Accounts Receivable (AR)


Accounts receivable (AR) is the balance of money due to a firm for goods or services delivered or used but not yet paid for by customers. Accounts receivables are listed on the balance sheet as a current asset. AR is any amount of money owed by customers for purchases made on credit.

Accounts Receivable

Understanding Accounts Receivable

The word receivable refers to the payment not being realized. This means that the company must have extended a credit line to its customers. Usually, the company sells its goods and services both in cash as well as on credit.

When a company extends credit to the customer, the sale is realized when the invoice is generated, but the company extends a time period to the customers to pay the amount after some time. The time period could vary from 30-days to a few months.

Account Receivables (AR) are treated as current assets on the balance sheet.

Difference between Accounts Receivable and Accounts Payable

  • Accounts Receivable are an asset account, representing money that your customers owe you.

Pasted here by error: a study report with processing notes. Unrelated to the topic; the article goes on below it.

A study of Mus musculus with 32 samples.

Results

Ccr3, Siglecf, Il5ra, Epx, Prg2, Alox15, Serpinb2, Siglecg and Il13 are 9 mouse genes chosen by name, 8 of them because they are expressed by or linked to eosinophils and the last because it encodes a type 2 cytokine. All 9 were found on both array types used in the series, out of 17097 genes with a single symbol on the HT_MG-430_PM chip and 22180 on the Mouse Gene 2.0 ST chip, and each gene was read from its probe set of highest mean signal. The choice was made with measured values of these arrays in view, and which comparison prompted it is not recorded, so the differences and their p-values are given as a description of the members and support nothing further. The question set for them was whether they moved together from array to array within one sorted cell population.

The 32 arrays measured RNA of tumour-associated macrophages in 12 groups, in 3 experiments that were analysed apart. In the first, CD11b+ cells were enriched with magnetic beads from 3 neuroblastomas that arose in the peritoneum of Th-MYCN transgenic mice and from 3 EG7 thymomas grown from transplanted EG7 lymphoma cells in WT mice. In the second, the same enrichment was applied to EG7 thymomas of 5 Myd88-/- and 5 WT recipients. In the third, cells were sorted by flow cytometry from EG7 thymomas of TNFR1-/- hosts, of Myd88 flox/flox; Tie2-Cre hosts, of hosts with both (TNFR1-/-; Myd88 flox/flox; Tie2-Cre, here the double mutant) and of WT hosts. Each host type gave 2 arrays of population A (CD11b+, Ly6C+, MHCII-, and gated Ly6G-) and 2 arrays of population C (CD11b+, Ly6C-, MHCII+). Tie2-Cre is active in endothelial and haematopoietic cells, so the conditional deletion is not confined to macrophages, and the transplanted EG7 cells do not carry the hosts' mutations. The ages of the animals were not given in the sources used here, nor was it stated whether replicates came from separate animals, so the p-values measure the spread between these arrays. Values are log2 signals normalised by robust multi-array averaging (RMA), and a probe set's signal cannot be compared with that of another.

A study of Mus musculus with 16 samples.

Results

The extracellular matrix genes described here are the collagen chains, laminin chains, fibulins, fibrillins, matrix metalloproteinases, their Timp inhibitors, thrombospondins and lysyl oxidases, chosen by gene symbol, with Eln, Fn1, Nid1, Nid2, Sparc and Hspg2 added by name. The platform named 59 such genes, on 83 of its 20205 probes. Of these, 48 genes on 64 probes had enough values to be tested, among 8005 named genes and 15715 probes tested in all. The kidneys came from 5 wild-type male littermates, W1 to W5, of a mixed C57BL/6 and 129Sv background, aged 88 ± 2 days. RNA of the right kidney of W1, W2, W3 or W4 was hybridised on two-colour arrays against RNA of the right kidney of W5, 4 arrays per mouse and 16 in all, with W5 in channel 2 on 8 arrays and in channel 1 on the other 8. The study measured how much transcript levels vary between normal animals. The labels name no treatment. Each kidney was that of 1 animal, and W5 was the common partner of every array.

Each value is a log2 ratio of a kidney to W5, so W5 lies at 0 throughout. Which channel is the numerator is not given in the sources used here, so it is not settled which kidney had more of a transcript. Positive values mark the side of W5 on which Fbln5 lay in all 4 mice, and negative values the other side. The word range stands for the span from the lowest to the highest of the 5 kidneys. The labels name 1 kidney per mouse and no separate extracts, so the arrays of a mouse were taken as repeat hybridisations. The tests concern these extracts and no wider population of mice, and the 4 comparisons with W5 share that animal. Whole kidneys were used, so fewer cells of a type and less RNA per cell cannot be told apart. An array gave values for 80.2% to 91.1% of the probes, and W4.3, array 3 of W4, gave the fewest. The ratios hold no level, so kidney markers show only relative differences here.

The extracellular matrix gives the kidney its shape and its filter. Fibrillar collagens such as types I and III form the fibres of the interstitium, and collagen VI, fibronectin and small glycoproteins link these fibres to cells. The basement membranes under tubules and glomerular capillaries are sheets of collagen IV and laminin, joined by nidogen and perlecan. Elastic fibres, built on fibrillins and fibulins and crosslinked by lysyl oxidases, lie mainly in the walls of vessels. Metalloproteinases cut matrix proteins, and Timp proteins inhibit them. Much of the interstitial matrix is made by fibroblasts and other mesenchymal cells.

• Accounts Payable on the other hand are a liability account, representing money that you owe another business.

Importance of Accounts Receivable

Management of Account Receivables refers to planning and controlling debt owed to the customer on account of credit sales.  In simple words, the successful closure of your order to sales is determined only when you convert your sales into cash. Till your sales are converted into cash, you need to manage ‘how much you need to receive? from whom? And when?

To do this, you need accounts receivables management, popularly known as a credit management system in place.

Another reason, accounts receivables are one of the key sources of cash inflow and given the volume of credit sales, a large amount of money gets tied up in accounts receivables. This simply implies that so much money is not available till it is paid. If these are not managed efficiently, it has a direct impact on the working capital of the business and potentially hampers the growth of the business.

On the other side, managing accounts receivables efficiently will benefit the business in several ways. 

  • The most important being the increased cash inflow by faster realization of sales to cash. 
  • It also helps you to build a better relationship with your customer by not having the discrepancies in pending bills and mitigates the risk of bad debts. 
  • All these require you to be at the top of your account’s receivables and you can easily achieve this by using accounting software. 
  • It helps you track, monitor and on-time action on overdue/long-pending bills resulting in increased inflow of cash that is essential for business growth.